RAstone

General details

In short

My Favorites: Reading and Writing

  • Fiction: Children's, Fairytales, Folklore & Mythology, Literary, Sci Fi/Fantasy, Teen, Young Adult/Juvenile

  • I mostly read YA because that's what I mostly write. If you want to be a YA writer, here's what you need to read. The essentials:

    Catcher in the Rye by J. D. Salinger
    A Separate Peace by John Knowles
    The Outsiders by S.E. Hinton
    In Country by Bobby Ann Mason
    The Truth About Forever by Sarah Dessen
    I Am the Messenger by Markus Zusak
    Looking for Alaska by John Green
    Blood and Chocolate by Annette Curtis Klause
    How I Live Now by Meg Rosoff
    Peeps by Scott Westerfield
    Twilight by Stephenie Meyer
    Wake by Lisa McMann
    City of Bones by Cassandra Clare

    Here are some children/YA crossover must-reads:

    To Kill a Mockingbird by Harper Lee
    The Lion, the Witch, and the Wardrobe by C.S. Lewis
    The Dark is Rising by Susan Cooper
    The Giver by Lois Lowry
    Stargirl by Jerry Spinelli
    The Golden Compass by Philip Pullman
    Maximum Ride by James Patterson
    Eragon by Christopher Paolini
    Harry Potter by J.K Rowling

    Anyone serious about writing for young people should read all of these classics and current favorites. All of them will give you a solid appreciation of young adult literature.
  • Right now I'm reading The Named and City of Ashes. The Named I like; it's so original. The City of Ashes is okay so far, though it's dragging a little bit, not quite on the same level as it's prequel.

    Word of advice: never let the first book in your series be your absolute best piece of work. The first book should test the waters. The next one should throw a curve ball, and your last ones should blow your readers away. Nothing is sadder than a series where the first book is the best one.
  • Ironically, the one place I can't read is the library. Too much pressure.

    All those books and all that quiet makes me uncomfortable. Especially since I usually go to the library to study and, let's face it, no one ever wants to study so I really never get any studying done. I can't read more than a paragraph out of my text book before I'm back in my room watching The Office and eating applesauce.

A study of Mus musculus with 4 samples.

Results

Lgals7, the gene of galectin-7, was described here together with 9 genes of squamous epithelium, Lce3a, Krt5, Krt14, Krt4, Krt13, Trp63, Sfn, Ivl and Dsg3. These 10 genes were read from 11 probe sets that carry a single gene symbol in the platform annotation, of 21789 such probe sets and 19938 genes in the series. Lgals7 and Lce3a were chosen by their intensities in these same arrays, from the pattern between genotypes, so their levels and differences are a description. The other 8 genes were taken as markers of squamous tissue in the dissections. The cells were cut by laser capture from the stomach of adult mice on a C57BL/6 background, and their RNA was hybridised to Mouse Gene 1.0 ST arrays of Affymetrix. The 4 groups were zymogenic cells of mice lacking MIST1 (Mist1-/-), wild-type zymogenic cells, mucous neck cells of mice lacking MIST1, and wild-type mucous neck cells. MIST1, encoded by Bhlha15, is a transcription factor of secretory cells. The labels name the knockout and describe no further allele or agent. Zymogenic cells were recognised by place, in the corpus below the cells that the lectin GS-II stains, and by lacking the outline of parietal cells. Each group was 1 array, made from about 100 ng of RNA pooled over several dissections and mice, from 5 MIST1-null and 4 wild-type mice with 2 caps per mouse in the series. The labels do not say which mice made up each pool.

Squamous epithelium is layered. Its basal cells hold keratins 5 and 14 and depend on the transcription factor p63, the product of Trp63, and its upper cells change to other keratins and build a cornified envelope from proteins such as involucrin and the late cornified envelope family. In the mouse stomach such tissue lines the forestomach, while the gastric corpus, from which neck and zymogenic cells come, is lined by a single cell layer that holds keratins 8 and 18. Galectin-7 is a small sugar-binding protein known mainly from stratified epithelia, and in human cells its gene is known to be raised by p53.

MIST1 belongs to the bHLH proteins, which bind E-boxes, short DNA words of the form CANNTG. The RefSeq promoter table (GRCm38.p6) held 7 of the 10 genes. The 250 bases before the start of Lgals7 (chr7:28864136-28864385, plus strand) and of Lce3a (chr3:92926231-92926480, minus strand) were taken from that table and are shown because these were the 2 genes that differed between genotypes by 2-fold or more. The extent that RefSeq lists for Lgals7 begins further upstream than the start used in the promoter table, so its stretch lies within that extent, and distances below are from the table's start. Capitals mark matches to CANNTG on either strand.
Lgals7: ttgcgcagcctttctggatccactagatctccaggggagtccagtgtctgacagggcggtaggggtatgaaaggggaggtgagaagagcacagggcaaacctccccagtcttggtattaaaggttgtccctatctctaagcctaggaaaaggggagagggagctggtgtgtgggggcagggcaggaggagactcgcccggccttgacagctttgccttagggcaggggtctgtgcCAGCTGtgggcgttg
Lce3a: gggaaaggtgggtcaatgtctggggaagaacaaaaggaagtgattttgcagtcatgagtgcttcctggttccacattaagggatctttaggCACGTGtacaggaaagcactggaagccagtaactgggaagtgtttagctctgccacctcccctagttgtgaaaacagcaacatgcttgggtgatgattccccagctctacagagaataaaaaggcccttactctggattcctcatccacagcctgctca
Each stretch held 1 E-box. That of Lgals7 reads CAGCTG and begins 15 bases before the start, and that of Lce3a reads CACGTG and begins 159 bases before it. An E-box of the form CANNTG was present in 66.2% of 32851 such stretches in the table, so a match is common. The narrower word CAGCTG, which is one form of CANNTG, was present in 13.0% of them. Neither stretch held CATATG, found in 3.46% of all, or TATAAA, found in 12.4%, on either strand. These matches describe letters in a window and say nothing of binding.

I only said applesauce because that's my favorite food, though I could be eating anything, I guess. Or not eating at all. I don't just sit around and watch tv and stuff my face, believe it or not. I have a life. I just prefer  eating applesauce over studying in the library.
  • Three books, lots of short stories, plenty of poetry, a few letters, some grocery lists, the occasional song, tons of debit entires in my checkbook log for all the online shopping I do, and essays - tens of thousands of essays.

    The best essay I ever wrote was about the legends of Troy. And I don't even like ancient history. The worst one I ever wrote was a comparison of The Wizard of Oz to modern technology. Atrocious.
  • Fiction: Children's, Teen

  • Someone with special abilities, like a Jedi

    I was a Jedi for Halloween once and people kept asking me why I dressed up as Jesus. I would hold out my blue plastic light saber and be like "Did Jesus have THIS?"

    Now that I think about it, Jesus would be a cool person to be for a day. Is that sacrelige?
  • I really like books, not authors because it's the book that gets me. I may love one book by a certain author and hate another book by the same author.  Case in point: Angels and Demons - oh, great, so incredible! Digital Fortress - what the hell kind of drugs was Dan Brown on?

    If I had to spend a year in solitary confinement, these are the books I'd take with me:

    Wuthering Heights, The Fountainhead, Farewell to Arms, Interview with a Vampire, Wicked, The Other Boleyn Girl, Fighting Reuben Wolfe, The Order of the Phoenix, Shiloh, The Count of Monte Cristo, The Great Gatsby, and my collection of Rolling Stone magazines   

    Of course, the day I got sentenced would be a good day to be a Jedi. I'd mind trick my way out of it.